Using extremely faint light from galaxies 10.8-billion light years away, scientists have created one of the most complete, three-dimensional maps of a slice of the adolescent universe. The map shows a web of hydrogen gas that varies from low to high density at a time when the universe was made of a fraction of the dark matter we see.
 

 

Desert streams: Deceptively simple

Volatile rainstorms drive complex landscape changes in deserts, particularly in dryland channels, which are shaped by flash flooding. Paradoxically, such desert streams have surprisingly simple topography with smooth, straight and symmetrical form that until now has defied explanation.
 

 

How ferns adapted to one of Earth’s newest and most extreme environments

Ferns are believed to be 'old' plant species -- some of them lived alongside the dinosaurs, over 200 million years ago. However, a group of Andean ferns evolved much more recently: their completely new form and structure (morphology) arose and diversified within the last 2 million years. This novel morphology seems to have been advantageous when colonising the extreme environment of the high Andes.
 

 

Molecular structure of water at gold electrodes revealed

Researchers have recorded the first observations of the molecular structure of liquid water at a gold electrode under different battery charging conditions.
 

 

Understanding and predicting solar flares

Scientists have identified a key phenomenon in the triggering of solar flares. Using satellite data and models, the scientists were able to monitor the evolution of the solar magnetic field in a region with eruptive behavior. Their calculations reveal the formation of a magnetic rope1 that emerges from the interior of the Sun and is associated with the appearance of a sunspot. They show that this structure plays an important role in triggering the flare.
 

 

Lucky star escapes black hole with minor damage: Closest near-miss event to be spotted near the Milky Way

Astronomers have gotten the closest look yet at what happens when a black hole takes a bite out of a star—and the star lives to tell the tale.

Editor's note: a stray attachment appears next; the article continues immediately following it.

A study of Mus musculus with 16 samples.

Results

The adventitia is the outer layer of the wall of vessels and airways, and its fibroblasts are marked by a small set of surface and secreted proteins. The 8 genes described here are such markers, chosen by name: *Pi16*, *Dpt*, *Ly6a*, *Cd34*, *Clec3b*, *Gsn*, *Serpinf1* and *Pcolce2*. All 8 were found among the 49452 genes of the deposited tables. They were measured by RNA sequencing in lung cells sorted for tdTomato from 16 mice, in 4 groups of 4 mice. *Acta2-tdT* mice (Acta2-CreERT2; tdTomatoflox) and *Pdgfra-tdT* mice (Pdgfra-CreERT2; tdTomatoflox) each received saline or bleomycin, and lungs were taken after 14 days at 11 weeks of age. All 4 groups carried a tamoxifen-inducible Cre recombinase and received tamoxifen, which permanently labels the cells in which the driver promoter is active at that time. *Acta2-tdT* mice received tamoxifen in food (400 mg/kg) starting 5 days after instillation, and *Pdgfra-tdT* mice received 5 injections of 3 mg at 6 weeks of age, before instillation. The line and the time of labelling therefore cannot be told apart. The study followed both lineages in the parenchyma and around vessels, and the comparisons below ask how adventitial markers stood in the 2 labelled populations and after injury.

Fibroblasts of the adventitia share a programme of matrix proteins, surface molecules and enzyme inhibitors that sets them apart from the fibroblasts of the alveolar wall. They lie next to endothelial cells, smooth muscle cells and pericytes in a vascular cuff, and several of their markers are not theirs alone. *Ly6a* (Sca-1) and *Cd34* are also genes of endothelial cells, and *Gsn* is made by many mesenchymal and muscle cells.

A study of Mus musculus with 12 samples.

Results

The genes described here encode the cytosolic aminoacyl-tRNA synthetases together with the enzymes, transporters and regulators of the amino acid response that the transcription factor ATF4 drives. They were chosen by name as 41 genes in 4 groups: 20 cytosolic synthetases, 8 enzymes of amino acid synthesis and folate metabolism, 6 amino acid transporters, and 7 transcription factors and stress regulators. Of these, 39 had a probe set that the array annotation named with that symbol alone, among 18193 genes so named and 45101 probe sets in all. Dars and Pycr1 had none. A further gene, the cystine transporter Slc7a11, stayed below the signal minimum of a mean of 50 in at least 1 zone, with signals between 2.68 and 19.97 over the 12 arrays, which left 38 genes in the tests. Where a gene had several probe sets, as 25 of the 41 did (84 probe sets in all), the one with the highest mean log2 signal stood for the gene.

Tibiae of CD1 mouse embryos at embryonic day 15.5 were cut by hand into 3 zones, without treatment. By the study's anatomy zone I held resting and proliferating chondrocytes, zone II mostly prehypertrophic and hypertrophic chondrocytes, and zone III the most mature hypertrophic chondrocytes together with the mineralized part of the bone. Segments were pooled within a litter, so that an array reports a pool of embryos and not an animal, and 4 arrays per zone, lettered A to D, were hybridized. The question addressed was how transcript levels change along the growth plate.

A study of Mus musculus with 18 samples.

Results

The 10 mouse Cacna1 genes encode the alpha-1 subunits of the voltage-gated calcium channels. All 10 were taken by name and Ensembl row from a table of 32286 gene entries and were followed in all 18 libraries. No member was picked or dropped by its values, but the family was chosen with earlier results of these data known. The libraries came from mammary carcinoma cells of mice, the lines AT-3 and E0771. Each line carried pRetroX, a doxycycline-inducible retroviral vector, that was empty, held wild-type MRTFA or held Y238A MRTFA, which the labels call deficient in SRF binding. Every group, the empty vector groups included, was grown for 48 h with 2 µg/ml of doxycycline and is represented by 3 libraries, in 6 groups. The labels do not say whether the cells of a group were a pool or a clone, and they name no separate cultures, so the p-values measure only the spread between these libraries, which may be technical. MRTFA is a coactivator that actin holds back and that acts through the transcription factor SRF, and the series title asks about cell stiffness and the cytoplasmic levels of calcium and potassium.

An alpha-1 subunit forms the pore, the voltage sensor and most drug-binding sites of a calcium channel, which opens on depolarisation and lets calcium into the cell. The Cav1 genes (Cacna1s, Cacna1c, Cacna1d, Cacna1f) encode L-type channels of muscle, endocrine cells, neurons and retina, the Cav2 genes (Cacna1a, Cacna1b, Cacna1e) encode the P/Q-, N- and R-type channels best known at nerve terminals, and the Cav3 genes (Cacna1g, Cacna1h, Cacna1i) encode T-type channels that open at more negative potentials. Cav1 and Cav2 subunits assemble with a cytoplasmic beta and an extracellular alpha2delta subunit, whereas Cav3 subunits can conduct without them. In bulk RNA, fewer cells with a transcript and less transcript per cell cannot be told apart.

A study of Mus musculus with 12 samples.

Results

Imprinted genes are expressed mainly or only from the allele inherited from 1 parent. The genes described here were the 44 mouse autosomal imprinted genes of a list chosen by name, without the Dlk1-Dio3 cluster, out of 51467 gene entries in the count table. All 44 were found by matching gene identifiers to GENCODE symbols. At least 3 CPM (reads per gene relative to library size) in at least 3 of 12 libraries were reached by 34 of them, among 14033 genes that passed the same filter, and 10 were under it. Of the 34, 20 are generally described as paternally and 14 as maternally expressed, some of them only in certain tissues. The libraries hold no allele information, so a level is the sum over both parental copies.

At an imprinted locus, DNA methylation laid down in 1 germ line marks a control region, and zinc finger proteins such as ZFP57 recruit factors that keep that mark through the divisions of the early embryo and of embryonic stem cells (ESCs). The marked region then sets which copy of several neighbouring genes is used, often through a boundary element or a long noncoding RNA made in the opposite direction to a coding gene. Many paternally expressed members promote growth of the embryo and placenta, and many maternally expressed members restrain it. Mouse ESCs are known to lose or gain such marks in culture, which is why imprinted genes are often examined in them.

Spatial extent and degree of oxygen depletion in the deep proto-North Atlantic basin during Oceanic Anoxic Event 2

Abstract

Massive organic matter burial due to widespread ocean anoxia across the Cenomanian/Turonian boundary event (~94 Ma), resulted in a major perturbation of the global carbon cycle: the so-called Oceanic Anoxic Event 2 (OAE2). The characteristics and spatial distribution of the OAE2 deposits that formed in the deep basin of the proto-North Atlantic remain poorly described, however. Here, we present proxy data of redox sensitive (trace) elements (e.g., Mo, Fe/Al, Corg/Ptot and Mn) for OAE2 sediments from five Deep Sea Drilling Project and Ocean Drilling Program sites located in the deep proto-North Atlantic basin. Our results highlight that bottom waters in the entire deep proto-North Atlantic were anoxic during most of OAE2. Furthermore, regressions of Mo with total organic carbon content (TOC), previously shown to document the degree of water mass restriction, confirm that the water circulation in the proto-North Atlantic basin was severely restricted during OAE2. Comparison of these values to Mo/TOC ratios in the present-day Black Sea suggest a renewal frequency of the deep proto-North Atlantic water mass of between 0.5 and 4 ka, compared to a maximum of ~200 years for the present-day northern Atlantic. The Plenus Cold Event, a cooler episode during the early stages of OAE2 hypothesized to be caused by declining pCO2 due to extensive burial of organic matter, appears to have led to temporary re-oxygenation of the bottom water in the deep proto-North Atlantic basin during OAE2.

 

 

Acousto-optic tunable filter technology for balloon-borne platforms

A balloon-borne acousto-optic tunable filter hyperspectral imager is ideally suited to address numerous outstanding questions in planetary science. Their spectral agility, narrowband wavelength selection, tolerance to the near-space environment, and spectral coverage would enable investigations not feasible from the ground. Example use cases include synoptic observations of clouds on Venus and the giant planets, studies of molecular emissions from cometary comae, the mapping of surface ices on small bodies, and polarimetry.
 

 

Hippos-Sussita excavation: Silent evidence of the earthquake of 363 CE

Silent evidence of a large earthquake in 363 CE -- the skeleton of a woman with a dove-shaped pendant -- was discovered under the tiles of a collapsed roof by archeologists from the University of Haifa during this excavation season at Hippos-Sussita. They also found a large muscular marble leg and artillery ammunition from some 2,000 years ago. "The data is finally beginning to form a clear historical-archaeological picture," said Dr. Michael Eisenberg, head of the international excavation team.
 

 

Moving in the quantum world

Simulating the behavior of a single particle can be quite a challenging task in physics; after all, it is microscopic and we usually cannot watch in real time. It becomes even more complicated when you realize that the particle has to follow the laws of quantum physics, which allow it be in two or more places at the same time through a phenomenon called superposition. Understanding how a quantum particle behaves is necessary to enhance our fundamental understanding of the laws of physics.